Danny Bonnici has become something of a legend in the Melbourne electronic music scene. From the heady days of Nubreed to live Ableton performances and master audio engineering, his talent seemingly knows no bounds. Danny's latest side project "Bone Itch" has afforded the producer the opportunity to spread his wings even further, and revisit his roots in jazz and funk. A week out from Danny's debut with White Noise Music at New Guernica, he sat down with Luke Lawrence to talk all things Boneitch, favourite albums and movie soundtracks, and the key to creative success.
How did it all begin for Danny Bonnici?
I was 8 years old and had just started to learn keyboards when dad bought me a Korg M1 workstation. That was my first sequencing experience, which led me to buy a second hand Atari 1040ST that had midi on it and a floppy disk of Cubase… the rest is history.
Tell us about Bone Itch?
Bone Itch is another name I write under for a slower tempo and more synth-driven music. Funk, disco and house-influenced stuff. It’s a nice way for me to diversify and try new things, and it comes natural to me anyway having a jazz / funk background.
When you were growing up, what sort of music were you listening to?
In the early days it was Michael Jackson’s “Off The Wall” album – basically on repeat for 2 years. Just amazing arrangements and playing on that album… later on, when I was around 14, I was listening to High Energy and later jazz and funk which led to breaks from there.
If you could give any advice to up-and-coming DJ’s or music producers, what would it be?
Rule Number 1: Do it because you love it, and remember that success is in the creation first. This will eliminate most negative things that might come up after that.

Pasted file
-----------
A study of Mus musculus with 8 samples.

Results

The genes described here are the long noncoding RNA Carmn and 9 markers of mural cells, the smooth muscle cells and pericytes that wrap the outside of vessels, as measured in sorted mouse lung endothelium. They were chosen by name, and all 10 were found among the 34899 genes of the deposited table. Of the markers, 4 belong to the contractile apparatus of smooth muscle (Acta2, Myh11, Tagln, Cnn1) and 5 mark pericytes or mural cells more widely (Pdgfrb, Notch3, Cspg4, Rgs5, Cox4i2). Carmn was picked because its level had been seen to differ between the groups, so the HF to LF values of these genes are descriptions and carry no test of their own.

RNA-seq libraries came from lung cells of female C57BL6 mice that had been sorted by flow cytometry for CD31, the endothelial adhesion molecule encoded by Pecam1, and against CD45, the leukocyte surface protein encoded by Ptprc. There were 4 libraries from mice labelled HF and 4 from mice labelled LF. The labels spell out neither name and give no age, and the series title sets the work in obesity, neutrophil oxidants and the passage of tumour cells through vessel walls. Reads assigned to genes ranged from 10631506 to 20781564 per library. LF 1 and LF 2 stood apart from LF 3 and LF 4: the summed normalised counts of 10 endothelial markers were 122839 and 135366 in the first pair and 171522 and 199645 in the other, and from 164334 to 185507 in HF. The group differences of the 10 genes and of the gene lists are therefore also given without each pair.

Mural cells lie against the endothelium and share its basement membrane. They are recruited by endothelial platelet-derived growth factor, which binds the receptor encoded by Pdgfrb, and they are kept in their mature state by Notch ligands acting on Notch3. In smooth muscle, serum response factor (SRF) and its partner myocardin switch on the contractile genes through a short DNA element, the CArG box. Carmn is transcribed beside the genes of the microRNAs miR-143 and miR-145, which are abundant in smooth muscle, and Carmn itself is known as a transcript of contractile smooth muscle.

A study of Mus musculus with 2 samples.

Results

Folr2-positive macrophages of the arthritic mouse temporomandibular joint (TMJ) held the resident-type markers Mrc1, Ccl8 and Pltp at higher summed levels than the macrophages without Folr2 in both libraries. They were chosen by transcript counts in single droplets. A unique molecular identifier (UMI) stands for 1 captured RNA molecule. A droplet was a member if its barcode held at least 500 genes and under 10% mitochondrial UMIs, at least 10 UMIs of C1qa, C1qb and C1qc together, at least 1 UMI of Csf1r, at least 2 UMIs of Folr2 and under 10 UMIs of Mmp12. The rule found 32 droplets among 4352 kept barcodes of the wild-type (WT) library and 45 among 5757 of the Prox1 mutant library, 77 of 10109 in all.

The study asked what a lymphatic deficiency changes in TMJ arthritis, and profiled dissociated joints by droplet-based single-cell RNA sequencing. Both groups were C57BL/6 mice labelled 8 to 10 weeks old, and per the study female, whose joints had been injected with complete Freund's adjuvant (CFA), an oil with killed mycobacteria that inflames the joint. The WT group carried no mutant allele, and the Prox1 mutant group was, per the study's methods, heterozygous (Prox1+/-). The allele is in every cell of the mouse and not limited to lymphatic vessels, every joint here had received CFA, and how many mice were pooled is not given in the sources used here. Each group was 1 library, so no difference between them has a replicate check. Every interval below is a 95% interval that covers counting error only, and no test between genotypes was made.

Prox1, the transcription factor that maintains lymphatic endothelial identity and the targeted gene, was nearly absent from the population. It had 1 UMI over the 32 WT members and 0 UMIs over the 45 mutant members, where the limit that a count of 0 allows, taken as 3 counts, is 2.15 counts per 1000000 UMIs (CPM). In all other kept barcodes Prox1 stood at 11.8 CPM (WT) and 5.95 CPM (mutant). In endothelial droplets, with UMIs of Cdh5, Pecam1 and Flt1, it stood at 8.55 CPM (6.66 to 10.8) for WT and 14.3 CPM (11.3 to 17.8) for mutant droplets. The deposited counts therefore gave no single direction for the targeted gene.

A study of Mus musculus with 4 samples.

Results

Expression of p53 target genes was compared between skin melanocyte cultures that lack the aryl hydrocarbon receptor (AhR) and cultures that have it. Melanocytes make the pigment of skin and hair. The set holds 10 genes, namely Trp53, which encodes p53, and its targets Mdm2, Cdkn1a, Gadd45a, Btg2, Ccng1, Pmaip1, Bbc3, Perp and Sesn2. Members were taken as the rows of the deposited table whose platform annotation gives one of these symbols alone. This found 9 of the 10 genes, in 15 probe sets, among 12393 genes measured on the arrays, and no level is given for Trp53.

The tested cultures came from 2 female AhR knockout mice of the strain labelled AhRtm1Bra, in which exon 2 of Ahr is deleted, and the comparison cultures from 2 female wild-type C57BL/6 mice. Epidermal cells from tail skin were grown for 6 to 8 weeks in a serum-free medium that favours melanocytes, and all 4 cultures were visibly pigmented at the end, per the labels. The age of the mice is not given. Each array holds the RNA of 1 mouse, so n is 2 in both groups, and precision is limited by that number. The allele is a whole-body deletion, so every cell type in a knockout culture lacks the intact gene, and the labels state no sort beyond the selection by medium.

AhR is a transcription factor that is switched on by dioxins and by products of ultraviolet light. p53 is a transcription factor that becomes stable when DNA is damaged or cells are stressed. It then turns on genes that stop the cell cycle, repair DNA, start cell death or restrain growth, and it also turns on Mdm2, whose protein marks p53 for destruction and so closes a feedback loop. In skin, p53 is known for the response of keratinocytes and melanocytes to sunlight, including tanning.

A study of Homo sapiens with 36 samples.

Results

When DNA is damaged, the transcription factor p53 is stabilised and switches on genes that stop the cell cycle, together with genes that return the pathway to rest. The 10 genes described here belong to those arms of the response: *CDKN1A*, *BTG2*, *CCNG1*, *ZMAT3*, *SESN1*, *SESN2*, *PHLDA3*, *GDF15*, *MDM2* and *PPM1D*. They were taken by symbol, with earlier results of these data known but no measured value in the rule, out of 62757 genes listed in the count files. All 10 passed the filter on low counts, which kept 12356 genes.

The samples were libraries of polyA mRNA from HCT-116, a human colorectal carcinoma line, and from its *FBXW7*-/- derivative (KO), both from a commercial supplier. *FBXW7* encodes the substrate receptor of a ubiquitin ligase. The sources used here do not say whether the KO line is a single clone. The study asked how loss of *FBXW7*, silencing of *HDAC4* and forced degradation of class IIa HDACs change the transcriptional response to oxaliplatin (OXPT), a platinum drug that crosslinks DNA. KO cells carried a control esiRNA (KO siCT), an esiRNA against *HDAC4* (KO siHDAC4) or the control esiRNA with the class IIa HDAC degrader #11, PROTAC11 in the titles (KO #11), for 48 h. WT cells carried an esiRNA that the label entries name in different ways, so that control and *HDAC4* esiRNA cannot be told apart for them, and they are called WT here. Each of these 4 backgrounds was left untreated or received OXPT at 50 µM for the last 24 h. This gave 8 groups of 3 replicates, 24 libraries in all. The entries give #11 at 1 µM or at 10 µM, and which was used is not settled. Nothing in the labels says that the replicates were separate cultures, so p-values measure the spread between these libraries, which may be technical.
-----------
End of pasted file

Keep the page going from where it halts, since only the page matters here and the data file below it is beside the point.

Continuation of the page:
If in doubt, refer to Rule Number 1.
Tell us about your music production process?
It changes all the time to keep it fresh and interesting for me, but lately I’ve been making drums on drum machines first and getting a groove down… then playing all my hardware synths until something feels right, and laying ideas down with live tweaking of parameters. I cut and paste and then go in deep with incidental sounds. I mix as I go because I cant help myself.
What is more important - the composition, or the engineering?
You can’t mix if you don’t have a song, so I guess that comes first but I think sound design is very important. Have a clear idea of what sound you want to write to fill the right frequency spectrums, this makes it easier in the mix stage.
Favourite movie soundtrack?
Midnight Express “The Chase” was my first. It was the first time I heard synths and it peaked me. The latest that touched me was the “Interstellar” soundtrack for its simplicity and emotion, and the “Arrival” soundtrack was awesome as well. It had a nice take on tape delay recordings.
What’s the best thing about being part of the Melbourne electronic music scene?
Great local support and lots of places to play, and be heard.
What can we expect from Bone Itch in the future?
I have a record coming out on Open Records soon that I wrote with Dizz1… not sure if I’ll put Bone Itch or my name on it yet – I haven’t decided – but it definitely fits the Bone Itch Moniker.